Senator attacks Apple's 'unconscionable' Chinese policy, demands answers

Senator Hawley | Image Credit: Aaron P. Bernstein/Reuters


Hawley has previously said that Cook, and Google's Sundar Pichai, be held personally accountable over privacy issues to do with coronavirus contact tracing. Now he says that Apple should cut its dependency on China, bring work back to the US — and also should not ban Twitter.

"[U]nder your leadership, Apple has time and again assisted the Chinese Communist Party in surveilling and suppressing the basic human rights of the Chinese people," he wrote. "At the same time, it appears that Apple might be importing this model of speech control to the United States: reports indicate that your company might deplatform Twitter from the App Store as a consequence of the free speech policies implemented by new ownership."

The Republican Missouri senator has presented Apple with a list of questions, and a deadline of December 6, 2022, to respond. The questions cover:

  • When will Apple condemn the treatment of workers in Zhengzhou?
  • Why has it not already condemned this treatment?
  • What are the "material risks" in Apple's continued dependency on China?
  • If China invaded Taiwan, what impact would this have on Apple?
  • Why did Apple limit AirDrop in China?

As far as Zhengzhou's factory goes, after the rioting started, Apple sent a team to assess the situation. It's not clear what else Hawley wants from Apple in this regard other than perhaps a more vociferous statement.

Apple has also been clear over the years about "material risks" in China, as detailed by SEC filings from the last decade.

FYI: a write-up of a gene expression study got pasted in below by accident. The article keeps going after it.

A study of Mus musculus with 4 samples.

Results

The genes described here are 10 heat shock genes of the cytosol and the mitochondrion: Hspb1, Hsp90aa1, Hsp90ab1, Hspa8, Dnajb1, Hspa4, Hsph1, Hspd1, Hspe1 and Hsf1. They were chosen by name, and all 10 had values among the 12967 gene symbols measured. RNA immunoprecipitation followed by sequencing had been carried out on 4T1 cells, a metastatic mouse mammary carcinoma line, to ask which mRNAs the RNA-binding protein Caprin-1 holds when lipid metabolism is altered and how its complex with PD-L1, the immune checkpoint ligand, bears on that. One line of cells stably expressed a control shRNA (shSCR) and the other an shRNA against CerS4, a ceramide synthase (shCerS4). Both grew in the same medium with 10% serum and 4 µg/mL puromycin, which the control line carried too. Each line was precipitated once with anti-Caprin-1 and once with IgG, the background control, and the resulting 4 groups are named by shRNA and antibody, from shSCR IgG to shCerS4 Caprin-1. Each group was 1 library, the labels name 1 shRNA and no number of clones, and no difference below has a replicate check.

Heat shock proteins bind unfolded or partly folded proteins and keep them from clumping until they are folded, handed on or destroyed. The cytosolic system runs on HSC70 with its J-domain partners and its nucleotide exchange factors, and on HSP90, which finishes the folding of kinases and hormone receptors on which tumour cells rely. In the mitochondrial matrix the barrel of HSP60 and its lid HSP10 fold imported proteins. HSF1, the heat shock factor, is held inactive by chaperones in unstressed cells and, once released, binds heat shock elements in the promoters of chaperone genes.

It's not clear why Hawley believes that should Apple decide to remove Twitter from the app store for violating terms of service likely related to moderation, that would be "deplatforming." Effective good-faith moderation by all online services is required to qualify for Section 230 protections against user-generated content in the US. A lack of moderation in a hosted app is not a major legal liability for the hosting App Store in the US, but exposes Apple to giant liabilities internationally, given that Twitter is a global service.

Additionally, even if pulled from the App Store, the service would still be available to all previous app downloaders, and on Safari as well.

Senator Hawley also repeatedly asks how Apple communicates information about these issues to its stakeholders. Other than routine SEC filings where it does address these problems, it holds an annual shareholders' meeting,

He also wants Apple to detail its "plan to diversify its supply chain and production networks, including any plans to expand manufacturing of its products in the United States with American workers."

He further asks that the company "provide all communication between Apple and Chinese Communist Party officials concerning the AirDrop feature in the iOS 16.1.1 update."

AirDrop was limited in China for what Apple called testing, before the recent protests. Apple says that it is a world-wide change coming soon, to prevent a setting set by a user perhaps long ago, from allowing the unwilling receipt of nudes or other objectionable content while in public.

Apple has not yet responded publicly, nor are we expecting it to. It's not clear if Apple will respond to Hawley's letter at all.